Examination of Witnesses (Questions 80-99)
MS RACHEL LOMAX, MR JOHN CODLING AND MS ALEXIS CLEVELAND
MONDAY 4 FEBRUARY 2002
80. No, I realise that, but they cannot be all that different.
(Ms Lomax) What I am saying to you is that the quantity of fraud per case does vary a lot.
81. Are you saying that you do not have a figure with you now and you can write to us?
(Ms Lomax) Sums are going on behind me as we speak. This is the first time I have seen this table, but I am going to take the risk of reading it out to you. The cases which were incorrect, which I suspect is fraud and customer error, were 216,000, but that was fraud and customer error. That underlies the amount overpaid of £559 million, which is what we are talking about and the amount underpaid of £14 million.
82. So to say 150,000 would not be an outrageous assumption to make. There are probably 150,000 cases of deliberate fraud by claimants.
(Ms Lomax) Yes; okay. All right.
83. Why then do you only prosecute 11,000?
(Ms Lomax) Because you have to have evidence to get a conviction in a court of law.
84. Surely you have all the evidence. If you are cutting somebody's benefit you have the evidence there.
(Ms Lomax) We did not cut benefit in all these cases.
85. Am I not right in thinking that the reason you do not prosecute is because you do not think it is cost effective to prosecute because you are only talking about a few thousand pounds?
(Ms Lomax) Yes, if they were very small amounts of money, I suspect that would be a good reason.
86. Is it a good reason? I am asking whether that is the policy, because I do not think it is a good reason. Surely there is a deterrent effect here and when you have things like difficulties over checking people's bank statements, where they have £1/2 million hidden or even £20,000 hidden somewhere, when you have difficulties in identifying whether somebody has a live-in lover in their house, privacy issues, surely therefore you are relying on deterrent to deter people from making these fraudulent claims. As far as I can tell, a prosecution rate of less than eight per cent is not a deterrent. If all you are doing is claiming back the money they have claimed illegally, then there is really no down side to making an illegal claim if you are prosecuting fewer than eight per cent of fraudsters. Surely, regardless of the amount of money at stake, you should be prosecuting a much higher proportion than eight per cent.
(Ms Lomax) I note what you are saying.
87. Do you not agree?
(Ms Lomax) I think there always has to be a judgement as to which cases you take to court. The courts have a limited capacity and if we decided to prosecute absolutely every case no matter the state of the evidence or the sums of money involved, the courts would pretty quickly grind to a halt.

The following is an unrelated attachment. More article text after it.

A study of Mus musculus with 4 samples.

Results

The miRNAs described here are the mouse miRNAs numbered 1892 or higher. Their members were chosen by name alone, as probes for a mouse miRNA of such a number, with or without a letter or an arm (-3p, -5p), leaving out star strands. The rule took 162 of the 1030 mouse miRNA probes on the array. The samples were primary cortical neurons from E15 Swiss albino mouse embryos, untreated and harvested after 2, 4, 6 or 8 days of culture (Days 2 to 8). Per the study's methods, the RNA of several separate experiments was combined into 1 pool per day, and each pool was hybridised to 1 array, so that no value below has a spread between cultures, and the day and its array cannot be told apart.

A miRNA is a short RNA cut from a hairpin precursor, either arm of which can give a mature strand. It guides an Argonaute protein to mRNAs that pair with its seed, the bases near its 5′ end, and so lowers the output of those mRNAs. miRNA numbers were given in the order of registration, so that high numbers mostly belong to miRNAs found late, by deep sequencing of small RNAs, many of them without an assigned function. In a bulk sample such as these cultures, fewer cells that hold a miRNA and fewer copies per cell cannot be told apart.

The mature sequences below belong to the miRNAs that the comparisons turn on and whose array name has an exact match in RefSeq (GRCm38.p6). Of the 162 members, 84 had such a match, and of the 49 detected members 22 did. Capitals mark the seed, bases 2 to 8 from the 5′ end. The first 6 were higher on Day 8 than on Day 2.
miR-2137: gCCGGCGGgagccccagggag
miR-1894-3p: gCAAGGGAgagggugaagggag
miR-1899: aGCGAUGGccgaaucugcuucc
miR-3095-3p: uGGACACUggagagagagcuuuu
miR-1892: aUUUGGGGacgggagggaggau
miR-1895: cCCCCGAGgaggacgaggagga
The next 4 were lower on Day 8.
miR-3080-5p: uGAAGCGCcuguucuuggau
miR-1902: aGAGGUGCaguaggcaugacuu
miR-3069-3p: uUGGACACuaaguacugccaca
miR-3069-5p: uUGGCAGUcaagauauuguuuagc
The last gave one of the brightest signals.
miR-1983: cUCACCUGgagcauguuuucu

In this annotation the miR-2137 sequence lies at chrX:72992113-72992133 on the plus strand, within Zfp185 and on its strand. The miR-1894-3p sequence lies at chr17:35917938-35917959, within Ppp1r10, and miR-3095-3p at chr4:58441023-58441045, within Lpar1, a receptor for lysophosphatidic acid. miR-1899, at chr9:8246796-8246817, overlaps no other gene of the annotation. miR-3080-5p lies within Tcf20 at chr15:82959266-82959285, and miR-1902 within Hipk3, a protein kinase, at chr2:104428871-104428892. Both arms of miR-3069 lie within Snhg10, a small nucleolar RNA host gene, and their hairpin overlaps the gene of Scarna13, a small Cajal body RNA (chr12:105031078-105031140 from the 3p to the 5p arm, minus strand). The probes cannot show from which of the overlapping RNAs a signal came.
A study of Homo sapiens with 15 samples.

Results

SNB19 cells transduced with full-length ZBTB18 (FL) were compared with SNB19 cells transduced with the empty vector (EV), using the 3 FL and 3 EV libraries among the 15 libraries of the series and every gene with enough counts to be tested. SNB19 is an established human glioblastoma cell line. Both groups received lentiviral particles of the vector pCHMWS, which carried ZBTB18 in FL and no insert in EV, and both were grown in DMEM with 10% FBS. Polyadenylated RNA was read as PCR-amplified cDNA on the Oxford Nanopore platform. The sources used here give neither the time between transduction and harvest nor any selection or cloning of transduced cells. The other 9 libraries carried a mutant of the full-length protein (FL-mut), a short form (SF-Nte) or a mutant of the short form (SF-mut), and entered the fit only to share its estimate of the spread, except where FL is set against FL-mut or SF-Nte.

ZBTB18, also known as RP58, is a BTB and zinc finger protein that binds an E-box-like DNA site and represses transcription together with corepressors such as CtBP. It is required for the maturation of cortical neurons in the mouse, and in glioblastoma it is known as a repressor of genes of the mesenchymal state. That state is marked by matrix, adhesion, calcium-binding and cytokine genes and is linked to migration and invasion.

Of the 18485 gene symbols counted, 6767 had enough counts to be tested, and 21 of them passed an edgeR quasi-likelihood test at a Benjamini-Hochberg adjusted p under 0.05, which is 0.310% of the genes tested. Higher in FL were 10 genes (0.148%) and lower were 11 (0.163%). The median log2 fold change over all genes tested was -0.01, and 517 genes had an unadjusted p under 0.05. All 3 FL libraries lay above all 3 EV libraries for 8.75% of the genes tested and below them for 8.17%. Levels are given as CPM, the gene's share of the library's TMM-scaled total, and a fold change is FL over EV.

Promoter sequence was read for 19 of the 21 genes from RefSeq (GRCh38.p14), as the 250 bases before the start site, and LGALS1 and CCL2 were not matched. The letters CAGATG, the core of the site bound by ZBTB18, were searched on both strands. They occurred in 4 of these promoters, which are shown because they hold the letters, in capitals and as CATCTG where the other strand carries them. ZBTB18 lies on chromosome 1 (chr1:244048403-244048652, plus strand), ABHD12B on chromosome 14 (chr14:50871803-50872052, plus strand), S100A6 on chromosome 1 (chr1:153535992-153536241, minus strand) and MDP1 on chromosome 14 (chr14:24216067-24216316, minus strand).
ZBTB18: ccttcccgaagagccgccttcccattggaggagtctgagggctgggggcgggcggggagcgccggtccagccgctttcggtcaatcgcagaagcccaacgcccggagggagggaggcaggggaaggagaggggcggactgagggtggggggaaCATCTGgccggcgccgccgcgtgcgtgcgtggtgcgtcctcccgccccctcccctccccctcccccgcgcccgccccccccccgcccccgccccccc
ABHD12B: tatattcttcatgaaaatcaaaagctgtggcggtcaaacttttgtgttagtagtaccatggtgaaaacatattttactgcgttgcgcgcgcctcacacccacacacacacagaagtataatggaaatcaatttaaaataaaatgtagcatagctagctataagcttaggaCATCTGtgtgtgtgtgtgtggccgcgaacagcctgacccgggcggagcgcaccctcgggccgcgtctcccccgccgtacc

88. Do you not think eight per cent is outrageously low and provides a zero deterrent to people? I think it should be more like 50 or 60 per cent.
(Ms Lomax) We prosecute ten times as many cases as local authorities do.
89. That means what? Does that mean you are good?
(Ms Lomax) We have had a policy every year of prosecuting a lot of people committing benefit fraud and 500 of those people went to prison.
90. Out of 150,000 people who committed fraud, I think you have a serious policy issue to address here. This kind of low level of prosecutions must be the root cause of £900 million of fraud and that is why your accounts have been qualified every year. Do you not think you should re-address this issue? Do you not think you should re-address this issue of the level of prosecutions?
(Ms Lomax) Yes, our prosecution policy should always be kept under review.
91. And will it?
(Ms Lomax) I very much doubt whether it would ever be cost effective to prosecute absolutely every one of those 150,000 people.
(Ms Lomax) Because you are talking sometimes about people with very small
93. Do you not accept the deterrent argument?
(Ms Lomax) There are other ways. It is true that we try to get people off benefit rather than take them to court if that is the quickest way of doing it.
94. Do you really feel you have a sufficient deterrent to deter people from committing fraud against the benefit system, given that 6.7 per cent of your payments are fraudulent or in error and that constitutes £900 million just for one benefit alone? I think there is something seriously wrong with your prosecutions policy.
(Ms Lomax) Prosecution is only a part of it. The probability of being caught is extraordinarily important as well.
95. But what happens if they are caught? What is the downside to being caught?
(Ms Lomax) The probability of being caught is also extremely significant.
96. You just pay the benefit back, do you not? There is no real downside to being caught, you just pay the benefit back.
(Ms Lomax) Under the Fraud Act 2001, when we commence that in a few weeks time, anybody who offends twice can have their benefit suspended for 13 weeks.
97. Wow. Big deal, if it is a fraudulent claim.
(Ms Lomax) If you are a person who is living pretty close to the breadline
98. We are not talking about people living close to the breadline, we are talking about people deliberately committing fraud.
(Ms Lomax) Seventy per cent of fraud cases involve failure to report changes of circumstances. There is casual fraud and there is deliberate, organised fraud and you need to distinguish between the two.
99. I asked that at the beginning and it seemed to me at the beginning you made it clear that a large proportion of this was deliberate fraud. That was why I asked at the very beginning what the division was.
(Ms Lomax) I should like to draw a distinction between people fiddling and committing casual fraud by failing to report changes in circumstances and organised gangs going in for multiple identities and instrument of payment fraud. There really is a spectrum here and to fail to recognise it is to misunderstand the nature of the problem.